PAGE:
Legislation to enact President Barack Obama's top domestic goal, remaking US health care, was expected to clear a new Senate procedural hurdle Tuesday and stay on track for Christmas passage.
The early morning vote, set for about 7:20 am (1220 GMT), was to come one day after the sweeping bill overcame its toughest challenge and won exactly the 60 votes necessary to set the stage for a final ballot on Christmas Eve.
Obama praised his 58 Democratic allies and their two independent cohorts for sealing "a big victory for the American people" in the dead-of-night vote that he said "knocked down" a Republican effort to doom the bill.
"The Senate has moved us closer to reform that makes a tremendous difference for families, for seniors, for businesses, and for the country as a whole," the president said in remarks at the White House.
The measure also got the support of the influential American Medical Association (AMA), which represents the interests of nearly a quarter-million US doctors.
"America has the best health care in the world -- if you can get it -- but for far too many people, access to care is out of reach," said Doctor Cecil Wilson, the organization's president elect.
Republicans vowed to fight the legislation every step of the way and, unable to bring parliamentary delaying tactics to bear against the 60-vote Democratic majority, seemed to pin their hopes on a collapse when the Senate and House of Representatives try to negotiate a compromise plan to send to Obama.
Democrats hope the Senate and the House, which passed its version November 7, will agree quickly enough to enable the president to sign the most sweeping overhaul of its kind in four decades before his State of the Union speech in late January or early February.
But Democrats who control both chambers are at odds over tough new curbs on federal monies going to pay for abortions and the Senate's decision to strip out a government-backed "public option" to compete with private insurers.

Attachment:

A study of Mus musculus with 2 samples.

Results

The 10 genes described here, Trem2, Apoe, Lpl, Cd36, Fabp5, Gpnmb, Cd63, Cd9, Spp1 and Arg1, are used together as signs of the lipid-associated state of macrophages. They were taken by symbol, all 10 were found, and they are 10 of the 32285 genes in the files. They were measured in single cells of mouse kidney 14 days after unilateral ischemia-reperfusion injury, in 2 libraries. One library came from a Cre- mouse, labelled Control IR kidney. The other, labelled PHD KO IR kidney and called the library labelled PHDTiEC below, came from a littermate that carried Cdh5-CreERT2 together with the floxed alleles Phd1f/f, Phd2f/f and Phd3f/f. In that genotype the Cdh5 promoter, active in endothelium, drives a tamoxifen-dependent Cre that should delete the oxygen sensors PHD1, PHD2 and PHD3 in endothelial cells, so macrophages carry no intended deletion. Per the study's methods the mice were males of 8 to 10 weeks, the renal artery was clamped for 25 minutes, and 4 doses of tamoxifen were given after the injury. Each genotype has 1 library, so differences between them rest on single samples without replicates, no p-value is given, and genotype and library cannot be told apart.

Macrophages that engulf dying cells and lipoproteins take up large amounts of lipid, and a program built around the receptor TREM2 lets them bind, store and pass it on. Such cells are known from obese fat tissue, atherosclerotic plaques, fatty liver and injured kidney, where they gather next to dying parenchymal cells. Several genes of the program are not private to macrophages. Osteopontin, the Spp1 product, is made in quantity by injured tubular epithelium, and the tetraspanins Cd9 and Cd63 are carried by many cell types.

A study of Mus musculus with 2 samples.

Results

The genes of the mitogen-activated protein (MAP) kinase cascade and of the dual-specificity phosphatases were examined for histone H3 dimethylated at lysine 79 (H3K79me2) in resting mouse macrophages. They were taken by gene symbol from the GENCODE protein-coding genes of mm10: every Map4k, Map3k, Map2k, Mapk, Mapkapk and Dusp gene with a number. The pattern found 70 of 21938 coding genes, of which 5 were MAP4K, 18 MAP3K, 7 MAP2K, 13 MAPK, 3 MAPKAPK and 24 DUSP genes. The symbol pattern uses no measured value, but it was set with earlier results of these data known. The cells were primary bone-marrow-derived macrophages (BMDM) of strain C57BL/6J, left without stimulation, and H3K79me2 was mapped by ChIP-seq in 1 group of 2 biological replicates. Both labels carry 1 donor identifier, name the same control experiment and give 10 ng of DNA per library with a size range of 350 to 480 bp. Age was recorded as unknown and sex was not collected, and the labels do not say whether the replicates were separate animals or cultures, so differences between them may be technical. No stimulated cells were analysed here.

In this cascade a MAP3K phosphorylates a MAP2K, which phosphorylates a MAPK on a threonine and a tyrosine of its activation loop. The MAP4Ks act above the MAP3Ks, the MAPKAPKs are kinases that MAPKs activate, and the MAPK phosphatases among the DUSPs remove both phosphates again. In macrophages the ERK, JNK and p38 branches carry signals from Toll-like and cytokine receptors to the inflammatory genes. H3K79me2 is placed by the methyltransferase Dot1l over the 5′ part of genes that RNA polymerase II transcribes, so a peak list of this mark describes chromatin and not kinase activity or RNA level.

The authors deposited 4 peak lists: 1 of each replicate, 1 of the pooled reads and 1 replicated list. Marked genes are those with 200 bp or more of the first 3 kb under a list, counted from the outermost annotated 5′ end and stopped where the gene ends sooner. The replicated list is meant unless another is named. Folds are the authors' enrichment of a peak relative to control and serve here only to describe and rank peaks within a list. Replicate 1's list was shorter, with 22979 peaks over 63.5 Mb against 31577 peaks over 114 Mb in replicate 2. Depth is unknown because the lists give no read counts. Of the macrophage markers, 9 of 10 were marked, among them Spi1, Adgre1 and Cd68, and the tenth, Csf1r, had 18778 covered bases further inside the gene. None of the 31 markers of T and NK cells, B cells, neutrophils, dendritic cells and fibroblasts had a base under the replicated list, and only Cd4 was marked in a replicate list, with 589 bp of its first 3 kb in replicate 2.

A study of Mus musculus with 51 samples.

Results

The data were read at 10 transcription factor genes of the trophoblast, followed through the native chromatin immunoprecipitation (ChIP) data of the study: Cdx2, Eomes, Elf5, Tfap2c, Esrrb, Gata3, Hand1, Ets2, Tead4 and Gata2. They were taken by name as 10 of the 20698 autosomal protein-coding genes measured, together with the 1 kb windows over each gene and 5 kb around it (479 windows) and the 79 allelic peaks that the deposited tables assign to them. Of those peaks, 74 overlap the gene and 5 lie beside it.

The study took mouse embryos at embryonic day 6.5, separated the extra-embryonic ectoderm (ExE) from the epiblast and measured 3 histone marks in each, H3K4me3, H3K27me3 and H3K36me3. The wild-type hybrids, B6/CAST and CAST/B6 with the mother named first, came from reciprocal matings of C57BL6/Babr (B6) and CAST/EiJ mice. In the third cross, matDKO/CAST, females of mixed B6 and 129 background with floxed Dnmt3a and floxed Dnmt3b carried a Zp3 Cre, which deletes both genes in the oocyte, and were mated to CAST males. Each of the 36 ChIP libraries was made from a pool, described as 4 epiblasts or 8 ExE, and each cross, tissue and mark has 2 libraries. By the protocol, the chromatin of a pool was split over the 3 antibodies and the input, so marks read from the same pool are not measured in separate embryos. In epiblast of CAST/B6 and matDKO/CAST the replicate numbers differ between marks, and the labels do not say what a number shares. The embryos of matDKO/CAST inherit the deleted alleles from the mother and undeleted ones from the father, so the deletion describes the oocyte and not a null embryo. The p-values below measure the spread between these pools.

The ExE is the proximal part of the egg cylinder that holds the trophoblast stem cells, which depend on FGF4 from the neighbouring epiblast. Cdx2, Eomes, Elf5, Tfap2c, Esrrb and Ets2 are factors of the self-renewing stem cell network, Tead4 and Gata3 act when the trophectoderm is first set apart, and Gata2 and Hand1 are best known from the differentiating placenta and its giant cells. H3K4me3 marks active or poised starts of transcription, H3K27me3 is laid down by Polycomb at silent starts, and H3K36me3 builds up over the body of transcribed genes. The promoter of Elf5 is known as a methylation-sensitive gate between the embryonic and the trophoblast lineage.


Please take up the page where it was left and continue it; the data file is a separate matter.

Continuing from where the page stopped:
There are other rifts -- and centrist Senate Democrats who rallied behind the bill at the last minute have warned they will help kill the bill if the House-Senate "conference" makes major changes to the legislation they shaped.
"The House of Representatives will have to basically back down on virtually everything they passed for this to become law. It will be interesting to see whether there's any institutional pride over there," said Republican Senate Minority Leader Mitch McConnell.
Asked about the likely difficulty of agreeing on a final bill, Democratic Senate Majority Leader Harry Reid told reporters "we'll worry about the next steps at a later time."
"Right now we're focused on what we're going to do this week," he said. "We're going to finish this bill before Christmas."
On Monday, Obama sought to refute on key Republican argument, saying his critics' frequent charge that the measure will further inflate the ballooning US budget deficit, swelling the country's debt, "does not hold water."
Obama pointed to estimates from the non-partisan Congressional Budget Office (CBO), which found the bill would reduce the deficit by 132 billion dollars over the first 10 years and as much as 1.3 trillion in the next 10.
Republicans have said that the CBO typically takes at face value assumptions in legislation it is asked to assess, and that the Congress will scrap some central but politically painful cost-cutting provisions in the bill.
Republicans have also vowed to make their opposition to the measure a rallying cry in next year's political campaign ahead of mid-term elections in November.
"We have just begun to fight," said Republican Senator John McCain, Obama's defeated rival for the White House in 2008.
A new public opinion poll released by CNN television found that 42 percent of those surveyed supported the Senate's version, up six points from earlier this month, but still well below the 56 percent who oppose it.
The United States is the world's richest nation but the only industrialized democracy that does not provide health care coverage to all of its citizens.
Washington spends more than double what Britain, France and Germany do per person on health care, but lags behind other countries in life expectancy and infant mortality, according to the Organization for Economic Cooperation and Development (OECD).